Serum inhibitory and bactericidal titers in the clinical management of bacterial infections
© Berciu et al; licensee BioMed Central Ltd. 2014
Published: 15 October 2014
The clinical management of bacterial infection computes factors related to bacteria (e.g., resistance profile ), antibiotics (e.g., activity spectrum, distribution volume, etc.), host characteristics (e.g., vascularization of the infected tissue, effectiveness of host defenses, etc.), as well as pharmacokinetic (PK) parameters . The serum inhibitory (SIT) and bactericidal titers (SBT) are laboratory tests that simulate the interactions between antibiotics and bacteria in the human body milieu.
In the Emergency Laboratory of the Adults 2 Clinical Ward of the National Institute for Infectious Diseases "Prof. Dr. Matei Balş", we consistently perform SIT and SBT in complicated cases of bacterial infections. We have retrospectively collected and analyzed data from such tests performed between 2012 and 2014 and correlated the results with the patient’s overall clinical evolution. We present the descriptive results.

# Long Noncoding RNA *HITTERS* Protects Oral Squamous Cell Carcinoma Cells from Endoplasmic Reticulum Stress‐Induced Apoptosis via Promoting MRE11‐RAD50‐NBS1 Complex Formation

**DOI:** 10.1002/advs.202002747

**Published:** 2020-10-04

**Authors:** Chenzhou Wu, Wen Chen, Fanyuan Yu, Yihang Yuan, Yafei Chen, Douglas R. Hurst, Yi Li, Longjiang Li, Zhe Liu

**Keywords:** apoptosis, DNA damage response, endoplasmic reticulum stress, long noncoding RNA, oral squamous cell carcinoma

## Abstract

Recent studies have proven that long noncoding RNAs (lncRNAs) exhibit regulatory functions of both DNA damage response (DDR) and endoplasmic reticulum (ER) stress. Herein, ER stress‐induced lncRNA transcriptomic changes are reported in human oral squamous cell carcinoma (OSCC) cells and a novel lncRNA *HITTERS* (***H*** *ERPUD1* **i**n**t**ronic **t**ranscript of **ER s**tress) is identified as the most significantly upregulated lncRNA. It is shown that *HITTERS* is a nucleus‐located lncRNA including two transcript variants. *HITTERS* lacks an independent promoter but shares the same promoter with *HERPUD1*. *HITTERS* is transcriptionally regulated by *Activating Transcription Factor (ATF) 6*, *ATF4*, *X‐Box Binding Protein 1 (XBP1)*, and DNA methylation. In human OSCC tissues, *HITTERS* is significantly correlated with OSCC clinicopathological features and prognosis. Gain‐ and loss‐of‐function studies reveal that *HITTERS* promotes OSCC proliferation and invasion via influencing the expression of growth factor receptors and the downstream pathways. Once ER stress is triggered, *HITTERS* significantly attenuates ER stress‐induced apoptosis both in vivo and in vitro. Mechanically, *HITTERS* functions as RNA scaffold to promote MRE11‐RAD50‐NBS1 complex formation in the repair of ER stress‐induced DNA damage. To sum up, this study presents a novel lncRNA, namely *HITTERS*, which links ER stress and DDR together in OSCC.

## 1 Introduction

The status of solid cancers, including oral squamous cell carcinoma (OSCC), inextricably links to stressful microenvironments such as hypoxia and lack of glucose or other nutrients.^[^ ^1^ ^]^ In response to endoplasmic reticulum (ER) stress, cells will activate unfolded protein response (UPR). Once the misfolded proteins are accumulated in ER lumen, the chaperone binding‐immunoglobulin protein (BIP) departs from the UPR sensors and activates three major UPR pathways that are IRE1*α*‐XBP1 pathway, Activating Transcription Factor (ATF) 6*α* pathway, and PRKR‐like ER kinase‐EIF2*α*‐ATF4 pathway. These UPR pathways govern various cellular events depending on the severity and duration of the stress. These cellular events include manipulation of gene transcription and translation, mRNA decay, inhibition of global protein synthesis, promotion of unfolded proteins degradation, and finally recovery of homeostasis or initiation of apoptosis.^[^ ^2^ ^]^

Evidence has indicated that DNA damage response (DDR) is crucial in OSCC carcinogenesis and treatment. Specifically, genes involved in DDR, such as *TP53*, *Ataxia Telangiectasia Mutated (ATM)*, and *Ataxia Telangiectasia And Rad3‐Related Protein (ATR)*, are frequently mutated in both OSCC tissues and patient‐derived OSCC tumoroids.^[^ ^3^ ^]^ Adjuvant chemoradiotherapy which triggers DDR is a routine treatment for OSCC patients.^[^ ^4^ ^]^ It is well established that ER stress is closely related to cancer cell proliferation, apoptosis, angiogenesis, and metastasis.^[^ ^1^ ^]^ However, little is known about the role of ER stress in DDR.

We have analyzed 89 cases. The serum antibiotics tested were: linezolid (15 cases, 16.9%), carbapenems (12 cases, 13.5%) with (5 cases) and without (7 cases) colistin, aminopenicillins (10 cases, 11.2%), and in smaller percentages: oxacillin, tigecycline, fluoroquinolones, trimethoprim/sulfamethoxazole, glycopeptides, aminoglycosides, ceftaroline and other cephalosporins.
In most cases serum samples were collected at the time of peak PK, with the exception of three cases where the trough concentration was examined instead. The tested germs were mostly Staphylococcus spp. (51.7%), followed by Enterococcus spp. (14.6%), Streptococcus spp. (9%) and Gram-negative bacilli (24.7%) such as: E. coli, Klebsiella spp. and Pseudomonas spp. The strains had been isolated from blood cultures (49.4%), cutaneous wounds (23.6%), tracheal aspirate (13.5%) and urine samples (7.9%).
SIT ranged from 1/2 (12.4%) to 1/512 (5.6%), but only in 20 cases (22.4%) the titers were in the therapeutic comfort range of 1/64 to 1/512. SBT ranged from 0 (11.2%) to 1/256 (6.7%). SIT and SBT were equal and in the comfort range for 2 strains of wound Staphylococcus, 4 strains of blood culture Staphylococcus, and 3 strains of tracheal aspirate E. coli.
Interdisciplinary patient management and good collaboration with the bacteriology laboratory all contribute to establishing, maintaining and adapting targeted antimicrobial therapy.
2) Carol Davila University of Medicine and Pharmacy, Young Researchers Projects Grant Competition, contract number 28.336/04.11.2013.